Last fall more than fifteen million students enrolled in the nation’s colleges and universities. How many of them will enter into long-distance relationships this summer?
Study results show that 78% of college students have had an LDR (long-distance relationship) at some point during their college career, and over 25% are in LDRs now. Obviously this population is prone to laughing in the face of a geographic challenge.
But do they know what they’re getting into? “They may not be familiar with the types of issues that crop up in LDRs,” says Caroline Tiger, author of "The Long-Distance Relationship Guide: Advice for the Geographically Challenged" (Quirk Books).
For example, how do they go about maintaining the level of intimacy they’re accustomed to? What if they can’t see each other every weekend?
How often should they talk on the phone? Tiger, an LDR expert, is well-equipped to answer these questions and many more. Here are her top five tips for surviving a summer-break LDR (long-distance relationship):
1. There’s no “right” number of times to call each other.
Some couples call each other at 10 p.m. exactly every night. Some leave a window of time open each night for their partner to call. Some talk every three days. Do what feels right for you, but make sure you talk about it early on and agree at the beginning of the summer about timing and frequency.
2. Don’t fight over e-mail.
Because there’s no voice inflection or body language to provide context, misunderstandings and arguments can happen way too easily. Here are some signs that you should cease and desist: CAPS (the equivalent of yelling) have crept into the exchange; emoticons went out the window a long time ago; you’re typing and hitting “Reply” without stopping to think.
3. Get a life.
Between visits, maintain your independence and individuality. Have a social life, hang out with friends—don’t just sit by the phone. Do things that your partner doesn’t like to do—is she allergic to peanut butter? Stock up on Skippy. Doesn’t like chick flicks? Invite some friends over for a Nora Ephron double-feature.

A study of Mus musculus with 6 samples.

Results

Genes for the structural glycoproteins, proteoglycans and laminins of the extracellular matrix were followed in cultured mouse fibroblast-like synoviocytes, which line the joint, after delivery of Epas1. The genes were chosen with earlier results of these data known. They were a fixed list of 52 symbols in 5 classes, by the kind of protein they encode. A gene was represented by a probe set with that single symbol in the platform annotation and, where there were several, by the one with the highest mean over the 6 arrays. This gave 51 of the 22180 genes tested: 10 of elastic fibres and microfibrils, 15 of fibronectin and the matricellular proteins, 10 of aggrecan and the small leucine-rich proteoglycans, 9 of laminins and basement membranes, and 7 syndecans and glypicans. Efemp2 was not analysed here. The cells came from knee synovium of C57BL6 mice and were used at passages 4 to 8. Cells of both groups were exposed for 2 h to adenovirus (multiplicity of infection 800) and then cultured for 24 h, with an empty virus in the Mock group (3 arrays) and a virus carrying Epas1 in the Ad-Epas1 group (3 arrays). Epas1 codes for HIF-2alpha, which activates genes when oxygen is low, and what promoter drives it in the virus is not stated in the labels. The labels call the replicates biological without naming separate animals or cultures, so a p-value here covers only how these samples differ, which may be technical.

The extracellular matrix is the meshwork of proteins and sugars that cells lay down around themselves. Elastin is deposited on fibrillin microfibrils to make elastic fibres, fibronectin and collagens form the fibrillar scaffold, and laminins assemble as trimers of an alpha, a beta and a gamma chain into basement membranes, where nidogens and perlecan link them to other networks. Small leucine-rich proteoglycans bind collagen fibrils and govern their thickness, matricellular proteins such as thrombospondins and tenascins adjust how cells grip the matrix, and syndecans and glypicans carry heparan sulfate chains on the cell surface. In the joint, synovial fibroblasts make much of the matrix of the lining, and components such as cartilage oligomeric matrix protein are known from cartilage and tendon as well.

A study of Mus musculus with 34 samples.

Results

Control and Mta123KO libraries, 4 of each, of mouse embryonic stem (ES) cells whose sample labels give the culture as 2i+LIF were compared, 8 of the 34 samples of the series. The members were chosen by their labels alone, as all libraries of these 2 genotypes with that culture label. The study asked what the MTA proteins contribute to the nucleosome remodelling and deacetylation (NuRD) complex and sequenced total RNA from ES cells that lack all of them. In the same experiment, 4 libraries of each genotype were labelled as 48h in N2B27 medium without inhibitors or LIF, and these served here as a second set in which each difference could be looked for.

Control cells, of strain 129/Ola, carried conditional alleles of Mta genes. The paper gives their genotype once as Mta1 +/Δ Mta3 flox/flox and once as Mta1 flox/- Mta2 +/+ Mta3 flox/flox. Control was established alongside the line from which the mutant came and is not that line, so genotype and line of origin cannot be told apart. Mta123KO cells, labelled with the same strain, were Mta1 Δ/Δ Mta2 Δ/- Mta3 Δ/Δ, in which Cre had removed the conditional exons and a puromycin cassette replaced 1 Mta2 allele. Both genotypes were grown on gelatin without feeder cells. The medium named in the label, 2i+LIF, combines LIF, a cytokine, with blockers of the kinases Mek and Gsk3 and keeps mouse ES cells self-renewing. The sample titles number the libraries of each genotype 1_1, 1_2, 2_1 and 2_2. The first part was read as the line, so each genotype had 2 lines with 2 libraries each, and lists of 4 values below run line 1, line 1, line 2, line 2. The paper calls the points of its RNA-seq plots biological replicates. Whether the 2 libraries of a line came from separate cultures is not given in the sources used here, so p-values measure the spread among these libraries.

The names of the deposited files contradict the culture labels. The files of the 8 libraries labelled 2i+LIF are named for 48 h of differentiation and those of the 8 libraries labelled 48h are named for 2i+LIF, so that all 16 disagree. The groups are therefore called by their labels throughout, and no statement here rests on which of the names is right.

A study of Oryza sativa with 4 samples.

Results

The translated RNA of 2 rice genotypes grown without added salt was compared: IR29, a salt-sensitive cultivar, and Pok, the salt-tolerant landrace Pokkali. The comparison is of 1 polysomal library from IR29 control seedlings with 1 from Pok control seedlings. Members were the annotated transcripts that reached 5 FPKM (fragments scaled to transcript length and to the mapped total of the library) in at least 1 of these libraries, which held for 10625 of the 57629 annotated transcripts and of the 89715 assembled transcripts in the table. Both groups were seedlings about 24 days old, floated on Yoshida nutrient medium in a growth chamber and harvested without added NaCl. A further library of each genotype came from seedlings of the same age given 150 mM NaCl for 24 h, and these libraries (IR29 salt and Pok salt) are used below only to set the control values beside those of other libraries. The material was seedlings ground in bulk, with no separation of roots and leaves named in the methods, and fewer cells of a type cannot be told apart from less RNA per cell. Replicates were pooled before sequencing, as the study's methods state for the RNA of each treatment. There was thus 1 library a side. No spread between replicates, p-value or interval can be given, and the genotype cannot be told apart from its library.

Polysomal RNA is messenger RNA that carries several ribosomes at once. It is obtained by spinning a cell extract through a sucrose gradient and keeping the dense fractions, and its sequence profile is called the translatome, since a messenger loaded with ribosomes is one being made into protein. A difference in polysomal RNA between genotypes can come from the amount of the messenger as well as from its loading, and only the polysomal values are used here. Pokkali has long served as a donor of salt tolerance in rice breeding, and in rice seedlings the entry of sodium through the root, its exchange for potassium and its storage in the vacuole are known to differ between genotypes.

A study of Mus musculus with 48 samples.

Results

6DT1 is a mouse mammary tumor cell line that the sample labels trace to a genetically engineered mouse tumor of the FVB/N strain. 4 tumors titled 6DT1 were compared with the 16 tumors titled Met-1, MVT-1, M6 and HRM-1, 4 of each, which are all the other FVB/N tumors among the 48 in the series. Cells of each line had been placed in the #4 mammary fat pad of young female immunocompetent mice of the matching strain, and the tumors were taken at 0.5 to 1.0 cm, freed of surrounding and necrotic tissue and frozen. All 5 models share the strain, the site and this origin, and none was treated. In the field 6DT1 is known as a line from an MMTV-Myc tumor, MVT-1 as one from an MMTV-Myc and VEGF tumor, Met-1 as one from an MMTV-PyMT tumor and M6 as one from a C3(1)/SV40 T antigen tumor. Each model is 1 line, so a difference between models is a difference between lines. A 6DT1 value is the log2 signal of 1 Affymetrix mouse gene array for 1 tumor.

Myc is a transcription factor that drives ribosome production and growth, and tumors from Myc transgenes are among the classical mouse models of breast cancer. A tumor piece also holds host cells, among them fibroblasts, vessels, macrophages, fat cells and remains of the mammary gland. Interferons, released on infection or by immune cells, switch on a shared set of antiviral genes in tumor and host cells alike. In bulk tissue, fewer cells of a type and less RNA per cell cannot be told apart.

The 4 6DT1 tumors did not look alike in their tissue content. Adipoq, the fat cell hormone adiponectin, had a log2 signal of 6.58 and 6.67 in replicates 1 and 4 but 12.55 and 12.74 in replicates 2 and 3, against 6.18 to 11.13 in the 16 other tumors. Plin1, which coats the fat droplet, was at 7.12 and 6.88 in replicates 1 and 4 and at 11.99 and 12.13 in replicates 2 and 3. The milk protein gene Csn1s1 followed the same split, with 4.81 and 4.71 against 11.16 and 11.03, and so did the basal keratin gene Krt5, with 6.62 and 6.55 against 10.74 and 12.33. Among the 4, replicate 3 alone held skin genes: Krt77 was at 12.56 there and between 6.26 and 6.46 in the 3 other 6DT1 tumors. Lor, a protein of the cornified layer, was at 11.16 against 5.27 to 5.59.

4. Keep the flame lit.
Go the extra mile with creative gestures that’ll reassure your LDP (long-distance partner) that he or she is in your thoughts. Send care packages that contain reminders of your shared history. Have lunch delivered to her at the office where she’s doing an internship. Burn him or her a CD.
5. When you do visit, don’t dwell on goodbyes.
“The goodbye can hang over your heads for half the weekend if you let it,” says Tiger. “Don’t. In an LDR, time is precious.” Spend the afternoon or morning before he or she leaves with friends. Do something active, in a group or with a few others, to keep your minds off of that moment. Treat it like it’s a Band-Aid that needs to ripped off…quickly!
About the Author: Caroline Tiger is a freelance journalist who has written for many publications, including Self, Marie Claire, Men’s Health, and Good Housekeeping. Her last book was "How To Behave: A Guide to Modern Manners for the Socially Challenged," also from Quirk Books.